Harry and Meghan's Future, Royal Predictions 2018
This is why Meghan and Harry’s future daughter could make history
An old law being fought in court could have significant implications for Meghan, Duchess of Sussex, and Prince Harry, should the couple have any daughters in the future.
Currently, five women are fighting against a law that says only sons can inherit ‘hereditary peerages’.
At the moment, only men can recieve titles including dukedoms, from their parents. So any daughter that Harry and Meghan may have, will not be bestowed with the title, despite the fact that Harry is a Duke, and Meghan is a Duchess.
The women, who are all Lady’s, are putting forward a case to the European Court of Human Rights, (ECHR) that this law should be changed.
Royal commentator Richard Fitzwilliams explained the prediciment to the Independent, and how the law currently affects Meghan and Harry.
He said, “Under the current system, any child of the Duke and Duchess won’t automatically have a royal title.
“The peerage, unlike the succession to the crown, favours males and if they have only daughters, the title of Sussex could die out as it did before.”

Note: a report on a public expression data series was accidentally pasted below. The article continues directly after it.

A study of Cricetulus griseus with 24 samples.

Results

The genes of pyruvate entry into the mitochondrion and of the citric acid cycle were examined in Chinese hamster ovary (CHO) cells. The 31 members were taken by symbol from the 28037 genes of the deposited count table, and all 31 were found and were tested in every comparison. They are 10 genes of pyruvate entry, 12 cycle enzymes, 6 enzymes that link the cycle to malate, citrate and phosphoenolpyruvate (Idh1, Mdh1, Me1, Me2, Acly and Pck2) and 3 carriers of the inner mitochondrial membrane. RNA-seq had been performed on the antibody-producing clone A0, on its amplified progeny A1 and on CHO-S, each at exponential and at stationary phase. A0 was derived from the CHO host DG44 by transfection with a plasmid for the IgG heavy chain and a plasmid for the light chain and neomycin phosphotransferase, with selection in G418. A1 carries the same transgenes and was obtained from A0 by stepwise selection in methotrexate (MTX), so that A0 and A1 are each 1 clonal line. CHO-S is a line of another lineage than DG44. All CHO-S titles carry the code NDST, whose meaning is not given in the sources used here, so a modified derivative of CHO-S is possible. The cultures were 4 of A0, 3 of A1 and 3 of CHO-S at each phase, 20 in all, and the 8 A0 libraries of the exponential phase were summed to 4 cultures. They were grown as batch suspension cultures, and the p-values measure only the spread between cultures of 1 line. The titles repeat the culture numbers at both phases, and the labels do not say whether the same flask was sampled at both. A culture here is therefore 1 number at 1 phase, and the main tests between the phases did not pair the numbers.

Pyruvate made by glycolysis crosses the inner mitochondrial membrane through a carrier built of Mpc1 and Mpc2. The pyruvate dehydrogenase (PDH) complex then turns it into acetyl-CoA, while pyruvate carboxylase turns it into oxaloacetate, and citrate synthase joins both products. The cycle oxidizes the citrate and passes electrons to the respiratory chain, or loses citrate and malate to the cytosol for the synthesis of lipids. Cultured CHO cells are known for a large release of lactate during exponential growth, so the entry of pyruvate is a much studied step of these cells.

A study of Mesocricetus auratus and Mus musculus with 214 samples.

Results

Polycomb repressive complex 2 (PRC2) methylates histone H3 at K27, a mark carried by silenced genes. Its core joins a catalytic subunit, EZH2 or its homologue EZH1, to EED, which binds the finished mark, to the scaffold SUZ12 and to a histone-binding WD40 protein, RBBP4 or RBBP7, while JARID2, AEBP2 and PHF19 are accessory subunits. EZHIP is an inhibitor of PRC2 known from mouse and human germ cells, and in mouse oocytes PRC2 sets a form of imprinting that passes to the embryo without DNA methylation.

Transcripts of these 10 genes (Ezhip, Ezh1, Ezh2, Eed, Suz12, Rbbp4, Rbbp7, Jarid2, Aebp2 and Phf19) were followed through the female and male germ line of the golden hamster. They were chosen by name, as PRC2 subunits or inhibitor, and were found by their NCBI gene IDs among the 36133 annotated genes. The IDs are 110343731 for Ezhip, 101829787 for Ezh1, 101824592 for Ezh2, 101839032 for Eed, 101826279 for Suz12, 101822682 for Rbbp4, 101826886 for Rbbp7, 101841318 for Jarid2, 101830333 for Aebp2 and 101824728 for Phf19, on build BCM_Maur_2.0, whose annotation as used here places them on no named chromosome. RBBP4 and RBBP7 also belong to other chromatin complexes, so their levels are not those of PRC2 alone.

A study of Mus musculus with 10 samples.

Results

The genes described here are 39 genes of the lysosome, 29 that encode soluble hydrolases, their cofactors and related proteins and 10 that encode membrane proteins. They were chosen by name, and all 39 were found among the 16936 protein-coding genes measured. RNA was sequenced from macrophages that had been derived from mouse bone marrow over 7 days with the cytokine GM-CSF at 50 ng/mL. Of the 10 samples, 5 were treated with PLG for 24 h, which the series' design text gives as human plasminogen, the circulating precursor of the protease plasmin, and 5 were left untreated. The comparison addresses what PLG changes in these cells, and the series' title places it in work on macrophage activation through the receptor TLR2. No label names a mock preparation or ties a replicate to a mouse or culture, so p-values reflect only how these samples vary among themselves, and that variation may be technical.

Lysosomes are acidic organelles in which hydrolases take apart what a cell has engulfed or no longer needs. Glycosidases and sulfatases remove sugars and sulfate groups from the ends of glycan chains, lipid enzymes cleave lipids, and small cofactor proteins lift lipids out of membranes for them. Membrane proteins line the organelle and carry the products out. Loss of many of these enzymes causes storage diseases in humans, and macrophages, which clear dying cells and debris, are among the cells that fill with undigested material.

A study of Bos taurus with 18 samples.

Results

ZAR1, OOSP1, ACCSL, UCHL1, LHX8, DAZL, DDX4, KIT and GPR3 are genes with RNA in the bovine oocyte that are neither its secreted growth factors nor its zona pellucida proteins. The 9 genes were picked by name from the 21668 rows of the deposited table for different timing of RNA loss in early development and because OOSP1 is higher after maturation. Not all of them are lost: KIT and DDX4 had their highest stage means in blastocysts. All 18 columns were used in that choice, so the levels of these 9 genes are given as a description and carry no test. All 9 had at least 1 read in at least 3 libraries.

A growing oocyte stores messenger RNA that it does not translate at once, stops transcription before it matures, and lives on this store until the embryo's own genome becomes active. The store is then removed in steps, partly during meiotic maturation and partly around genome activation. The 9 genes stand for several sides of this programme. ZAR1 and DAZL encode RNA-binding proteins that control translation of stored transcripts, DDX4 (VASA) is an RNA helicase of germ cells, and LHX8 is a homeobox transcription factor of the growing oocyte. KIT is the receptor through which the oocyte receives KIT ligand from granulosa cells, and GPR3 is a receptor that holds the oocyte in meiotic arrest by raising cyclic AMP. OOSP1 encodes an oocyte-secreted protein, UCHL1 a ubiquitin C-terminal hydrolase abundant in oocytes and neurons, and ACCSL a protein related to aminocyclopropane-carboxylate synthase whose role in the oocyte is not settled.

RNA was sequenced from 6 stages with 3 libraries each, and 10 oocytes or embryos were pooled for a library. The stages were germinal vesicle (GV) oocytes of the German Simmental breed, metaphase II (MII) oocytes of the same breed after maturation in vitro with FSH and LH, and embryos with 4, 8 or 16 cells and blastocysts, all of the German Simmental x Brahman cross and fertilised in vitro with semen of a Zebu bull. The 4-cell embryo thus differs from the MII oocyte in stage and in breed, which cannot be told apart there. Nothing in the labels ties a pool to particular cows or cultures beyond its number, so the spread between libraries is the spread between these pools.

The sixth son of King George III, Prince Augustus Frederick, was originally given the title of Duke of Sussex, in 1843. The title however died out with him.
The case regarding peerages was recently put forward in Strasbourg, France, by five women who are all daughters of peers, but, due to the rule, are not able to sit in the House of Lords alongside their male peers.
A decision has not yet been made, at the time of reporting.
But if the law is eradicated, Harry and Meghan’s future daughter will make history, by likely being the first female baby in the royal family to inherit a dukedom.
Despite the confusion, it’s thought that any future children of Harry and Meghan’s could well be given royal titles by the Queen, if the Duke and Duchess decide that they want them to have them.
Many have disputed whether they will be Prince and Princesses, given that Harry is not Prince Charles’ eldest son.
Tradition, as set by King George V, usually states that only the “eldest living son of the eldest son of the Prince of Wales” should be given the title of Prince.
This would have meant that only Prince George, as Prince William’s son, and Charles’ eldest grandson, should get the Prince title.
However, in 2012, Queen Elizabeth II issued a letters patent stating that all children of William’s should “enjoy the style, title and attribute of royal highness”.
This meant that any other children they had in future could be styled with Prince and Princess titles – as has been the case with Princess Charlotte and Prince Louis.
Many royal commentators have speculated that the same may be done for Harry and Meghan’s future children.
However, if it is not, any future sons or daughters of the couple will simply be styled Lord/Lady (forename) Mountbatten-Windsor.